Women over 40 are "more likely to be killed by a terrorist" than find a husband.
That infamous line from a Newsweek article about the poor marriage prospects of educated women older than 30 incited a firestorm when it hit newsstands in 1986.
Twenty years later, there's encouraging news for single women past the age of 30: It's not too late to meet Prince Charming after all.
Jeffrey Zaslow, a columnist for The Wall Street Journal, tracked down 10 of the 14 single women featured in "The Marriage Crunch," and found eight had found husbands and were still married to them. Two remained single by choice.
"If they want to get married, women can get married," Zaslow said.
"The Marriage Crunch" was based on a study by Harvard and Yale researchers that projected college-educated women had a 20 percent chance of getting married if they were still single at 30, a 5 percent chance at age 35, and just a 2.6 percent chance at age 40. The article seemed to reinforce the most old-fashioned ideas of women's place in society, and both infuriated and struck fear into the hearts of women across the country.
"Since I was in eighth grade when the Harvard article came out, I have always lived under the assumption that as the years crept on, I might actually get struck by lightning or nailed by a terrorist," said Leslie Bywater Bishop, who married 13 days ago at the age of 32, in a posting on "Good Morning America's" message board.
"As someone who always dreamed of getting married, those statistics did worry me a bit," she wrote.
Christine Stroebel-Scimeca was a 30-year-old financial and estate planner at Morgan Stanley and living in Chicago when she was featured in the Newsweek article in 1986.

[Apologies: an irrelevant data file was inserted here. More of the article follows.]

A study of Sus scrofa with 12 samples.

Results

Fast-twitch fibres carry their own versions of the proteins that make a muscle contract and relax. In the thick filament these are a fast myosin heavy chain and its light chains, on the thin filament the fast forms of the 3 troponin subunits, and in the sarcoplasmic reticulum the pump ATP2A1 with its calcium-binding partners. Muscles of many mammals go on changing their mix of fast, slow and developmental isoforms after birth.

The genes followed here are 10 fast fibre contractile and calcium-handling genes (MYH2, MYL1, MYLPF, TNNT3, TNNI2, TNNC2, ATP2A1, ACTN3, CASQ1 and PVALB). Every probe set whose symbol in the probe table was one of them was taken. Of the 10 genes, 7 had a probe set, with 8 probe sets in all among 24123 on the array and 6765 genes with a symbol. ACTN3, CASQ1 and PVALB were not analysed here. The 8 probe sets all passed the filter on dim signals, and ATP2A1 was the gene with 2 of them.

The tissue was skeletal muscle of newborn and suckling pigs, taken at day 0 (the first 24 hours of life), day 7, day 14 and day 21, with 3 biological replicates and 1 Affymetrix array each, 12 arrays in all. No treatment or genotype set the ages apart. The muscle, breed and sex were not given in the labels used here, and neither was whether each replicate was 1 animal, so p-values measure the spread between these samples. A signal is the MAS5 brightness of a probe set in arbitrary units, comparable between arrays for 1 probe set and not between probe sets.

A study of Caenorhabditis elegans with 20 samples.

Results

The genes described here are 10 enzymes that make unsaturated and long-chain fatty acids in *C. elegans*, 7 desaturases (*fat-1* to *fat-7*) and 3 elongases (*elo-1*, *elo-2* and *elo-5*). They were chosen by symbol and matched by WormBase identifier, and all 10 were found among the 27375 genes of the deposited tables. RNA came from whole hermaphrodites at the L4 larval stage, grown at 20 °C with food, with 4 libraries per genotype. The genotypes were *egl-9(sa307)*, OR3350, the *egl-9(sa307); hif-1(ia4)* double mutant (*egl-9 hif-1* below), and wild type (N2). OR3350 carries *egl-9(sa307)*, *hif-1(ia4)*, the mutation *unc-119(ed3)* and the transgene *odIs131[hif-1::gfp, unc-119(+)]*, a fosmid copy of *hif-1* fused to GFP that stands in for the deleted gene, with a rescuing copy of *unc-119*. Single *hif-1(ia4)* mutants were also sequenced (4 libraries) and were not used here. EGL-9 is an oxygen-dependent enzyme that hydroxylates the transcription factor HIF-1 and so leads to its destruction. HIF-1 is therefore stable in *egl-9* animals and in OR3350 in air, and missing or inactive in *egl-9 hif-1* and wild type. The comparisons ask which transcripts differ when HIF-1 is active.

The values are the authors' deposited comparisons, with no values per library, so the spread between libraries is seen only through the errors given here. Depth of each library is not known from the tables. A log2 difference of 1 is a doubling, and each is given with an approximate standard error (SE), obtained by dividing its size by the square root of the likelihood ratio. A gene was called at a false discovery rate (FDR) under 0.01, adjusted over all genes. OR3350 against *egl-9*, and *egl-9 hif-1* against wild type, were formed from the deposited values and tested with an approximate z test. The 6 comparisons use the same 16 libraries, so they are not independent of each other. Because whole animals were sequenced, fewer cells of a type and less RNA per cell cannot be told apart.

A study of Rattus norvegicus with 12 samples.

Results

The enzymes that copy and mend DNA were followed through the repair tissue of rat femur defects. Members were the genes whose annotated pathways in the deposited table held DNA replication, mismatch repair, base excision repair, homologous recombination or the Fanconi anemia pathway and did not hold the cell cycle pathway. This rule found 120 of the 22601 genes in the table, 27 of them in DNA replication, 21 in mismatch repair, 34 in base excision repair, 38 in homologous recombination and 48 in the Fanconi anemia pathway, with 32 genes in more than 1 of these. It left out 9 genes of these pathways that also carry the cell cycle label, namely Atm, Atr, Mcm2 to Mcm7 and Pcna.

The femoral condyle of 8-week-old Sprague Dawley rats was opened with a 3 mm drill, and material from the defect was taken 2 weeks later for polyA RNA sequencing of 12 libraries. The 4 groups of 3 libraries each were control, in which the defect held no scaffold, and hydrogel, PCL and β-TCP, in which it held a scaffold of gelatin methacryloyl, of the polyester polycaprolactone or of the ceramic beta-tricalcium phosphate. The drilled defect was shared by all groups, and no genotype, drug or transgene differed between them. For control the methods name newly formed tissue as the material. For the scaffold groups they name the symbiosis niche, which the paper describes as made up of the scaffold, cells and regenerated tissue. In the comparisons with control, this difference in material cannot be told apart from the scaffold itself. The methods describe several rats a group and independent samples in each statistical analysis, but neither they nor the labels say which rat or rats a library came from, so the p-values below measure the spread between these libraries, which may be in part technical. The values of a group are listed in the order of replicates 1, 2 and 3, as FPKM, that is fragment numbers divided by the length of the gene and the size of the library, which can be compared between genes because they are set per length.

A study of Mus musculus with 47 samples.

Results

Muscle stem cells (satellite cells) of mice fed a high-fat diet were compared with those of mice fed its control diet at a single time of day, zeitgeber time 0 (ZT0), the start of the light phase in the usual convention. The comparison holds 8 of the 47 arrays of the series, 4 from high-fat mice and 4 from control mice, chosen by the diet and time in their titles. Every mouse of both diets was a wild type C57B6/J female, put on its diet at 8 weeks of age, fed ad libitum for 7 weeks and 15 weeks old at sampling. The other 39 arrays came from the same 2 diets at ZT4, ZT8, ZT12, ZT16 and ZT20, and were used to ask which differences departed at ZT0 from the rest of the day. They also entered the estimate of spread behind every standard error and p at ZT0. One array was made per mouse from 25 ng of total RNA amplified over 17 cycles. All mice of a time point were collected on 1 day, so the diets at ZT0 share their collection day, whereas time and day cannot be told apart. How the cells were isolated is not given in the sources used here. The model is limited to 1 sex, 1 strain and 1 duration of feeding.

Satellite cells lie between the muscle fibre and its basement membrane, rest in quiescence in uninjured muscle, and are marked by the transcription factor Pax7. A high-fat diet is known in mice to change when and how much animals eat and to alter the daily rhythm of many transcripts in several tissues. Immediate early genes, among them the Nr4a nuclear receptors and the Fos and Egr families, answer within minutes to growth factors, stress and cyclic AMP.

When she read "The Marriage Crunch," she was stung and said that she worried about the projections from time to time. However, she said she never totally believed she was doomed to spinsterhood.
"Everybody wants to be happy and find their soul mate, but I guess I figured it would happen if I wanted it to," she said.
A study by the U.S. Census Bureau published shortly after the Newsweek article supported Stroebel-Scimeca's gut instinct. The census found the probability of college-educated women marrying at age 30 was 60 percent, and 23 percent at age 40.
Marriage prospects are even better for educated women today, Zaslow said. He pointed to a new study from the University of Washington that found women with professional degrees were now more apt to be married than women with only college degrees.
Stroebel-Scimeca married at age 40, and is now the stepmother to two children.
"I met a guy at the grocery store in Lincoln Park," she said. "I decided it was time for me to start looking for somebody new and start thinking out of the box. … I decided to take the bull by the horns and ask him out."
Stroebel-Scimeca said she believed women should never run into marriage.
"I think people who are a bit more mature may make better decisions," she said. "I have lots of friends who married young who are divorced now. I think that happens less with people who marry later."
Several "Good Morning America" viewers agree.
"I think by meeting my husband at a later age, I had a clearer understanding of who I was looking for," said a "GMA" message board posting by Tricia Saulinier Littlejohn, who met her husband just before she turned 30. "He fit the bill, and we were married a year and a half later. Our 5th anniversary is this summer."
In another posting, Brenda Young said she had married her husband at age 43.
"We've been married for over 7 years and I love him with all my heart," she wrote. "Sometimes you have to wait to find happiness and I'm sure … glad I waited!"